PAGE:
Ask a group of people who have social anxiety how they feel about giving a talk or a presentation to an audience and the vast majority of the responses will be on the lines of, “No, I couldn’t do it.” Or, “Never again. I sweated profusely and felt so nervous I couldn’t get the words out.”
Not me. I love performing. As long as I’ve practised enough to be confident about my performance, I enjoy it. I used to describe myself as an extrovert with social anxiety, until someone said what I was describing was not an extrovert but an exhibitionist. To me, that sounds like a nice way of saying “show off,” but I’ll go with “exhibitionist.”
I can’t say why I can give a prepared speech to hundreds of people, but find it really difficult to carry on a conversation with one person. That’s how it is.
So, I enjoyed my recent talk at Petroc College, Barnstaple, UK very much and I think it went well and was well received. I think the students and lecturers who attended left with a much better understanding of social anxiety and I left with a smile and the hope that I will do much more of this in the future.
Because I’m passionate about raising awareness of social anxiety.
Along with Jean Davison, I also led a workshop on social anxiety for teachers and special education needs coordinators at an NUT conference. This was harder, as neither of us had experience of leading a workshop with so many participants. But this also went well and we’re proud of our achievement.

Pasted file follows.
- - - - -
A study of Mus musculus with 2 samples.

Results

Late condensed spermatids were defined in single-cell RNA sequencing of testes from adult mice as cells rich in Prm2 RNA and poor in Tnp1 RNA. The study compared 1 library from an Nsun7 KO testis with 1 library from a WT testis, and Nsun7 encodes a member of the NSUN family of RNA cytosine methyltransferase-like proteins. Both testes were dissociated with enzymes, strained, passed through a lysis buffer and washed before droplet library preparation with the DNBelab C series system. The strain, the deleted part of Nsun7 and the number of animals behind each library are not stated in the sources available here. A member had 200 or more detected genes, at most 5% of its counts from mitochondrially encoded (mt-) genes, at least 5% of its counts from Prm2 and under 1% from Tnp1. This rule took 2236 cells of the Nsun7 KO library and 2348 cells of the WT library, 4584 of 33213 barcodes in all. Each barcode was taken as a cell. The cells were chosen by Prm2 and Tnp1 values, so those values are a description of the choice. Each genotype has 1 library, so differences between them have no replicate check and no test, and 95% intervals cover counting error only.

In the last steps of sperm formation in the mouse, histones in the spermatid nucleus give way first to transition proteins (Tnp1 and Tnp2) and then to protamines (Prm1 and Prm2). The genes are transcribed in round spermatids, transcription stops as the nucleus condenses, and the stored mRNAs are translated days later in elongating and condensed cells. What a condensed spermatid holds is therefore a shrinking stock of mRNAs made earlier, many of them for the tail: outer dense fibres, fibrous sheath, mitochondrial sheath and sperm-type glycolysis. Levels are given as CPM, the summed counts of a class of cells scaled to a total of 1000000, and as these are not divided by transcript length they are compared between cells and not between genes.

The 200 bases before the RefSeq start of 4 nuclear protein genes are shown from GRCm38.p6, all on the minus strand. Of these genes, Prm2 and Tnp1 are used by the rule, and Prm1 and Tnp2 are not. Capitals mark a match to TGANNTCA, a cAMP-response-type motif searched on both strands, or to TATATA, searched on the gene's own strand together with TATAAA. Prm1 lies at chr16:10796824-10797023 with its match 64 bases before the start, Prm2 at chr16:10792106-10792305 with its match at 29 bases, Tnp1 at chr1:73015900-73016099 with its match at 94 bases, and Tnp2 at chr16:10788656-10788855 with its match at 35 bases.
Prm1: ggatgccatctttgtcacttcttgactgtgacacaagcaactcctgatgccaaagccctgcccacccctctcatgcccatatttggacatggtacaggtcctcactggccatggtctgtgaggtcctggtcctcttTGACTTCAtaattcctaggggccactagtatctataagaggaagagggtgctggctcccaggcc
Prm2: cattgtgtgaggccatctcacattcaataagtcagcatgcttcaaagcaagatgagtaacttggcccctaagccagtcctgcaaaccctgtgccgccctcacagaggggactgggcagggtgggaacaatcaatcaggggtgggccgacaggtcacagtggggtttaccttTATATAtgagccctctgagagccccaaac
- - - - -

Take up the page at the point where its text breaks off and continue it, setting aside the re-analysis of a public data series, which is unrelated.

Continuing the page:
Teachers, in particular, need to understand social anxiety much better than most do currently, because social anxiety usually begins in adolescence and that’s the time that treatment or help is the most successful – before the behaviours caused by social anxiety have become ingrained. So I’m grateful for the opportunity to discuss this topic with those who are in a position to help.
During the workshop, we were asked what one thing we’d have liked out teachers to do that they didn’t. It was hard to think of an answer on the spot. I might change my mind about this, but now I think my answer would be: I wish they’d have tried to find out what was behind my behaviour instead of lecturing me about changing it. I wish there had been some discussion about bullying.